Chanting “Om” refreshes the minds of these Muslim students in Bhopal as for them it is more of an exercise than a spiritual mantra.
Despite strong opposition from a section of the Muslim community , a number of Muslim students who performed asanas chanting “Om”, believe that yoga had nothing to do with religion.
Asked about their community’s reluctance of chanting “Om” during yoga, Arshad Ali, 16, a student of St George School said, “I have been with the NCC and performing yoga every day for the last few years. For me, yoga is an exercise and chanting Om is an essential part of it.”
“Neither did I try nor will I try to replace Om with any other word because I think nothing can replace Om,” he said.
“I don’t think it is hurting my religious sentiments as yoga helps us live a healthy life like aerobics and other exercise does.”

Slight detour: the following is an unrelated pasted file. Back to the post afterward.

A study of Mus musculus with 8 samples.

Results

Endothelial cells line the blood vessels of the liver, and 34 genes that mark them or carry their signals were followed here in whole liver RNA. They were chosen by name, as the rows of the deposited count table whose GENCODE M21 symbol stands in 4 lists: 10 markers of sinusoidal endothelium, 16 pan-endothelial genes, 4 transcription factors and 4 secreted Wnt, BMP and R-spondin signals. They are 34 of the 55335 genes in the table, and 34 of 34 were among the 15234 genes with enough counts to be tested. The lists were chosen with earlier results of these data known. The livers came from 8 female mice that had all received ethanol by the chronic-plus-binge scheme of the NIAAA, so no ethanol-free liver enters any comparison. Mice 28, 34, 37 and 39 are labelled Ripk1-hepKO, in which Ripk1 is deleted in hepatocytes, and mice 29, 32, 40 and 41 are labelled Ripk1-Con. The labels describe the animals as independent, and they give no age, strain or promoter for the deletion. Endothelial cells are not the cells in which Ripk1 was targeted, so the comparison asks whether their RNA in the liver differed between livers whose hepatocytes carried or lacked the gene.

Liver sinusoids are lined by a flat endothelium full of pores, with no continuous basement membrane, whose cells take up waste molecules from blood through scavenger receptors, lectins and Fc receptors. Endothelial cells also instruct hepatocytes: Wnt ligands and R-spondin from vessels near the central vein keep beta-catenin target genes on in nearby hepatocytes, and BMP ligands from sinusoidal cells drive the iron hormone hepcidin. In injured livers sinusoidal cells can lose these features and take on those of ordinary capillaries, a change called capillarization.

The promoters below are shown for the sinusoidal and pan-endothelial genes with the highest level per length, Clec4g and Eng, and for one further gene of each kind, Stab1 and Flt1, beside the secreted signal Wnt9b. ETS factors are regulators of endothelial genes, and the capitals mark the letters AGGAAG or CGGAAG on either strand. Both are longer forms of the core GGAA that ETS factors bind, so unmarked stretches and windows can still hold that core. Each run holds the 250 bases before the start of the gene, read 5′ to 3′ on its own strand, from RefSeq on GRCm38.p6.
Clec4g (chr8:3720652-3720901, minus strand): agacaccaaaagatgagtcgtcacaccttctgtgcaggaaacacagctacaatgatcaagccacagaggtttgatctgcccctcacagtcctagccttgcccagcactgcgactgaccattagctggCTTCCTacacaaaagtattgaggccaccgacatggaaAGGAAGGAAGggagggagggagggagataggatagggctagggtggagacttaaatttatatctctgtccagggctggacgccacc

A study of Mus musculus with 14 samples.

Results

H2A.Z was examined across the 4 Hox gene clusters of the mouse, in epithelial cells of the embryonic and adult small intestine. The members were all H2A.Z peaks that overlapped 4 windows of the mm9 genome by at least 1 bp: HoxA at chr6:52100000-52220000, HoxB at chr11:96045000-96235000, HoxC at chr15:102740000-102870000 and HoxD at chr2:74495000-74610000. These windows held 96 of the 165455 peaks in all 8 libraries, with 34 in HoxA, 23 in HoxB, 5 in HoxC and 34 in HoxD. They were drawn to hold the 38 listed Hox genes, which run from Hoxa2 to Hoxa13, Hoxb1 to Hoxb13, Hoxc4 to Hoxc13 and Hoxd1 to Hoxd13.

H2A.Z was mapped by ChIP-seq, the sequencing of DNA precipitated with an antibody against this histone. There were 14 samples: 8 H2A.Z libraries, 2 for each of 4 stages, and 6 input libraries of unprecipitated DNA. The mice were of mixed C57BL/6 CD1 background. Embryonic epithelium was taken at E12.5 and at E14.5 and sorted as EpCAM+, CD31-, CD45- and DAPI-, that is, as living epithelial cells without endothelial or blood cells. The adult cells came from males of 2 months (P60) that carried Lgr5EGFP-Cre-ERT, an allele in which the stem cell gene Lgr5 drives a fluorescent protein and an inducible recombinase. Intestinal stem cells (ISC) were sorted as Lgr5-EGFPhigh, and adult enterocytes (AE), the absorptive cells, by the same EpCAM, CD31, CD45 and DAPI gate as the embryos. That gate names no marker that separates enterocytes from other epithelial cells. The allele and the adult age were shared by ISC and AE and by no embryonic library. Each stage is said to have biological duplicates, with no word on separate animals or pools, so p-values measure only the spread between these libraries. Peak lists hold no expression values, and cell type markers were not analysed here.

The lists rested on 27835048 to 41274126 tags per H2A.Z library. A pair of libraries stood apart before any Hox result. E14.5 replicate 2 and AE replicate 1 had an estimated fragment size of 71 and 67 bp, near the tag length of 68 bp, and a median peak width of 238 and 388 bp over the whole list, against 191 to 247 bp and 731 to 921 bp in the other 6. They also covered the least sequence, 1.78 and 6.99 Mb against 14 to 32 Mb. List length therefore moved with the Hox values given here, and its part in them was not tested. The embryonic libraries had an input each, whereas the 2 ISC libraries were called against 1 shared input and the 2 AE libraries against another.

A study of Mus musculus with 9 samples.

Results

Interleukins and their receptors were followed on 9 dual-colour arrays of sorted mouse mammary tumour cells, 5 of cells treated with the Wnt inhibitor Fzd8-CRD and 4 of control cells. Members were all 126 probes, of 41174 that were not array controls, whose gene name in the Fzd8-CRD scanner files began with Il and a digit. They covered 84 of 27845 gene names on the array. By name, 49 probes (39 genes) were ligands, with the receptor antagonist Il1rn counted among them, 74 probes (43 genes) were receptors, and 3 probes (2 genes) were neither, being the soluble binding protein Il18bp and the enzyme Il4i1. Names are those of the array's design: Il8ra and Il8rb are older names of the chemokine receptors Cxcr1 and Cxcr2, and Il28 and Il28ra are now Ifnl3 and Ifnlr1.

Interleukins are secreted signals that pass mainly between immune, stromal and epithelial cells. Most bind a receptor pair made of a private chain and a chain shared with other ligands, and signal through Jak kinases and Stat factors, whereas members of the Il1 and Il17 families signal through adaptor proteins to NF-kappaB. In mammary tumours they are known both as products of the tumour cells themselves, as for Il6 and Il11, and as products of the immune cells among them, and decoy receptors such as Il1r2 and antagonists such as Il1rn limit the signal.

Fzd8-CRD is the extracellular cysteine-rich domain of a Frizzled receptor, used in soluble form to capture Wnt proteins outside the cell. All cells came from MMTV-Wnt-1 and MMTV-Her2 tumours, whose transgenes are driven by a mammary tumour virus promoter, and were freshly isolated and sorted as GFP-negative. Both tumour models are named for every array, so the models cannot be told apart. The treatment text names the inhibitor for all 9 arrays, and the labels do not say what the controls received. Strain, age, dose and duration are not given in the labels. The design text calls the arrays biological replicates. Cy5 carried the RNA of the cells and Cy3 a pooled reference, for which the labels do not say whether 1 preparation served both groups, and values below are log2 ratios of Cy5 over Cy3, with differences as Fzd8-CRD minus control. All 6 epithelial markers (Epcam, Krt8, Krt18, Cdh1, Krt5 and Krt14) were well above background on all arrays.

Shaista Bano, 18, a first year college student, who was performing yoga in the first row, however, did not chant the mantra, “Sarve bhavantu sukhina” but when it came to chanting “Om shanti, shanti, shanti Om,” she did not hesitate for a single moment.
“I perform yoga every day chanting Om at home. No one pressurized me to do so. May be for some people yoga is a way to have reunion with God but for me it is the easiest and cheapest way to keep myself healthy,” she said.
“People shouldn’t see everything with a religious prism and sentiments.”
Mehar Khan, 17, another Muslim student, said: “When we learn martial art, we also learn a different vocabulary. While performing martial arts we use that particular vocabulary without even knowing the meaning and reason behind it. Similarly, I chant Om without thinking of its meaning.”
Aman Khan, 13, a student of Bonifie School, who performed yoga chanting of Om for the second successive year, said, “I came here last year too and chanted Om. I learn yoga in my school. Though yoga class is optional, when I asked my father, he didn’t discourage me from joining the class, instead he motivated me.”